Glee Recap: Twerk-Life Balance
It was the best of Glee, it was the worst of Glee — and no, this isn’t another rant about how I prefer the NYC-based storylines of Rachel, Kurt & Co (even though I do).
Rather I’m talking about how the dubiously titled “The End of Twerking” featured one of the show’s most beautifully conceived and executed musical performances in recent memory, bookended by a second one that — were it not for a bile-soaked response monologue from Sue Sylvester — would’ve had me sending a strongly worded Tweet to @GLEEonFox.
I speak, of course, of Unique’s fantastic “If I Were a Boy” — a flawless example of how Fox’s high-school musical, even in Season 5, has the power to surprise us, to move us and to advance its story arcs through carefully chosen music. And on the flip side, I’m talking about Will Schuester’s disturbing performance of “Blurred Lines” — birthed in the halls of McKinley High under the banner that twerking is an inalienable right of the American teenager. “The fact is,” blathered the erstwhile Teacher of the Year, “twerking is blurring the lines between past and the present, between men and women, between tradition and envelope-pushing. It’s all in that Alan Thicke song that I love.”
Shall I let Sue take it away? “You need to back your ass up to the fact that you, a married 37-year-old, just performed a song about coercive sexual advances as nine minors twerked alongside you – down the hallways of a public high school.” Preach, Coach Sylvester!
In other news:
* After Tina catches Blaine’s enthusiastic twerking on video, Schue decides the controversial dance move is exactly what New Directions needs to win Nationals. Sue spies the club’s booty-popping rehearsals, however, bans the dance from McKinley and fires Schue after he rebels with the aforementioned “Blurred Lines” performance. He winds up in front of the school board and wins his case by proving the waltz, the Charleston and the lambada caused copious controversy back in their day, too — but in spite of the win, his crusade proves short-lived. (More on that in a second.)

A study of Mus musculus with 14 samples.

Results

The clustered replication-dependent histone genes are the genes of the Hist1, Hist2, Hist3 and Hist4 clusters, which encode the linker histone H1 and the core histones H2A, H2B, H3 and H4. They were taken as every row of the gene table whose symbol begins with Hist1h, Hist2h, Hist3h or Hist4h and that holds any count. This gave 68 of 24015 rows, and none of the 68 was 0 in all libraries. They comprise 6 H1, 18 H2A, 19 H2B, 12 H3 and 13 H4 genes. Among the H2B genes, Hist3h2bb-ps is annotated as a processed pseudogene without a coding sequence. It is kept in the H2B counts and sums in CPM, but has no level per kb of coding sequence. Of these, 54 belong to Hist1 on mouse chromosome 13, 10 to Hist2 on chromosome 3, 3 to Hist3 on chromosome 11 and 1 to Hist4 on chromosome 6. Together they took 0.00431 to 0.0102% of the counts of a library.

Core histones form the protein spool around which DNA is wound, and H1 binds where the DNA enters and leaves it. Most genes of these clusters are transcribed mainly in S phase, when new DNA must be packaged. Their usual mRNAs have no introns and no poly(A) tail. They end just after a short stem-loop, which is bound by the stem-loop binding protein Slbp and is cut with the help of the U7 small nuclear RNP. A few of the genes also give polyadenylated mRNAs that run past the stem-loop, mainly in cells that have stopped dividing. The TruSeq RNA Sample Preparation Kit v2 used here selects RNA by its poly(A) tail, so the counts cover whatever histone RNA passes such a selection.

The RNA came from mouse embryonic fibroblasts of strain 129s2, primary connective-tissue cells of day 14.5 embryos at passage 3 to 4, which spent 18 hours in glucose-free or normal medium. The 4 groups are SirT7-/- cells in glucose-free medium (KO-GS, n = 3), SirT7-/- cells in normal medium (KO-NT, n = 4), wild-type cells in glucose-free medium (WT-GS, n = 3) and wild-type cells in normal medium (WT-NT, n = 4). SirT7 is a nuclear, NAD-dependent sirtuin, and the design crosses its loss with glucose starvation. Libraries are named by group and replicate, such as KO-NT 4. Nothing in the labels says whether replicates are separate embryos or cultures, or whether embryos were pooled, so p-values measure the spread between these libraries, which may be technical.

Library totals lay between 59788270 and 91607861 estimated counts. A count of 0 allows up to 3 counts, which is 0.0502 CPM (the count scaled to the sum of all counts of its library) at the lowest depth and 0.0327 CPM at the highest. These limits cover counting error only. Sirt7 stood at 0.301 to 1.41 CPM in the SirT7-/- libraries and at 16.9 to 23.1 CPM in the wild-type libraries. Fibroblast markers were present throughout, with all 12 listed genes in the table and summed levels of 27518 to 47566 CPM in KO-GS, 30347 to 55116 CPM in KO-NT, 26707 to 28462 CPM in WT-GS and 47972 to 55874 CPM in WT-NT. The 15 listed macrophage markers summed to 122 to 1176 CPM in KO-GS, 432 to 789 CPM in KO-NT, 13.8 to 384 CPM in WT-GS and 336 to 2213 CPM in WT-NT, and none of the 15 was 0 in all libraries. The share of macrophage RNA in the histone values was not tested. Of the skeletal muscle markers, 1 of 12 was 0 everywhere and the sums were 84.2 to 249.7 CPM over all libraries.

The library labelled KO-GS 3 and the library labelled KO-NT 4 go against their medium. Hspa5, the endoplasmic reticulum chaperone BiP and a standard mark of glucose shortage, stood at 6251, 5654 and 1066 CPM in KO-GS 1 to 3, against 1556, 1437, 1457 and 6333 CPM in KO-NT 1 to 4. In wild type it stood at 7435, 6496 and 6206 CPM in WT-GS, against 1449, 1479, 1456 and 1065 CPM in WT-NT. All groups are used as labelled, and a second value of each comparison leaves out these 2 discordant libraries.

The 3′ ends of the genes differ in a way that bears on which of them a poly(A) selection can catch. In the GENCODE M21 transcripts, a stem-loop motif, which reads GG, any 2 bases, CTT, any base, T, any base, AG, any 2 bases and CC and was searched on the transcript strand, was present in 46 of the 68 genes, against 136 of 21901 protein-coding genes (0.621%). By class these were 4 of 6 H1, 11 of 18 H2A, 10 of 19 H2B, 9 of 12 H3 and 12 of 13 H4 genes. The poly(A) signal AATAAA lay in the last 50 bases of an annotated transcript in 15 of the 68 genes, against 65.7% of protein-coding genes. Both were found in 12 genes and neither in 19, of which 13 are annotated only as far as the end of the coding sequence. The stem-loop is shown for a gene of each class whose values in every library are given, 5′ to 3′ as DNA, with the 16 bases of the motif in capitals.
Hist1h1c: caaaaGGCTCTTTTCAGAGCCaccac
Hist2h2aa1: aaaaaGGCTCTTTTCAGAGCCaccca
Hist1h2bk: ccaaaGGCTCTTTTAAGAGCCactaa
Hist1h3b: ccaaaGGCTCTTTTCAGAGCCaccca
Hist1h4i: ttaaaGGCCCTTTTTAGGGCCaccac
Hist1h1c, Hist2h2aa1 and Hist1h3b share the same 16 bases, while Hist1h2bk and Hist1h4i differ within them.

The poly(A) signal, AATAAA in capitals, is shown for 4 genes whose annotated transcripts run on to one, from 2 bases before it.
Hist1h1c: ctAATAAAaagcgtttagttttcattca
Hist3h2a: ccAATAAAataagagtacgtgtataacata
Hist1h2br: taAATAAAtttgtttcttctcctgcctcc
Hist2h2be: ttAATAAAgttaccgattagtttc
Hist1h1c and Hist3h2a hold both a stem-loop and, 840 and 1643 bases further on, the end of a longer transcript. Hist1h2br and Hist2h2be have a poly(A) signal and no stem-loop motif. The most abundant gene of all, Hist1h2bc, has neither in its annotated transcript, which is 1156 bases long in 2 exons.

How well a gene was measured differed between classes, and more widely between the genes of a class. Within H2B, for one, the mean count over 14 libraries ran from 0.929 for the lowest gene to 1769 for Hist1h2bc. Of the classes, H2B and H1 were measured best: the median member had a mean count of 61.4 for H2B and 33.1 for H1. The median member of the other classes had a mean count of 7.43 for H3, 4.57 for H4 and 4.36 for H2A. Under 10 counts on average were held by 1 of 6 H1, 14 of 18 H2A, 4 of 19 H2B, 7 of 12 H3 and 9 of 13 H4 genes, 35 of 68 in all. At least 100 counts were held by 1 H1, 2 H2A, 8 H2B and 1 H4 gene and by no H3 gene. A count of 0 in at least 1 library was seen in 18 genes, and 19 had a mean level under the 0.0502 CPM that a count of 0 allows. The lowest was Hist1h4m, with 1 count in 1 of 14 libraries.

* Rachel pretends to get a blunt-cut bob to give herself some different mojo, almost incurring the wrath of Funny Girl’s director. After a sexy “You Are Woman, I Am Man,” however, he decides her new look suits the role — and she tells him it was only a wig. In the same spirit, though, Kurt and Rachel get tattoos to jolt themselves out of the shock of losing Finn; Kurt’s gets botched — “It Gets Better” becomes “It’s Get Better” — but when he demands a refund, the tattoo artist gives him a bracing pep talk on embracing his crazy. (Show of hands: Who else half-thought the two of ‘em were gonna lip lock for a sec?) No romantic sparks, but Kurt eventually ends up with “It’s Got Bette Midler.” Rachel pretends she chickened out in the end, but actually she’s just keeping her ink a secret; the reveal of the ribcage “Finn” at the end of the hour was a thing of bittersweet beauty, no?
* Unique fights for her right to a separate bathroom where she won’t be bullied by transphobic jocks. After initially grappling with the horror of a purple port-a-potty welded to the floor of the rehearsal room — and that truly wrenching Beyoncé cover that somehow managed to make palpable the kind of pain a transgendered teen might feel in a hostile school environment — Unique finally scores a key to the faculty restroom through Sue. The only catch? Schue must agree to drop New Directions’ Twerk obsession.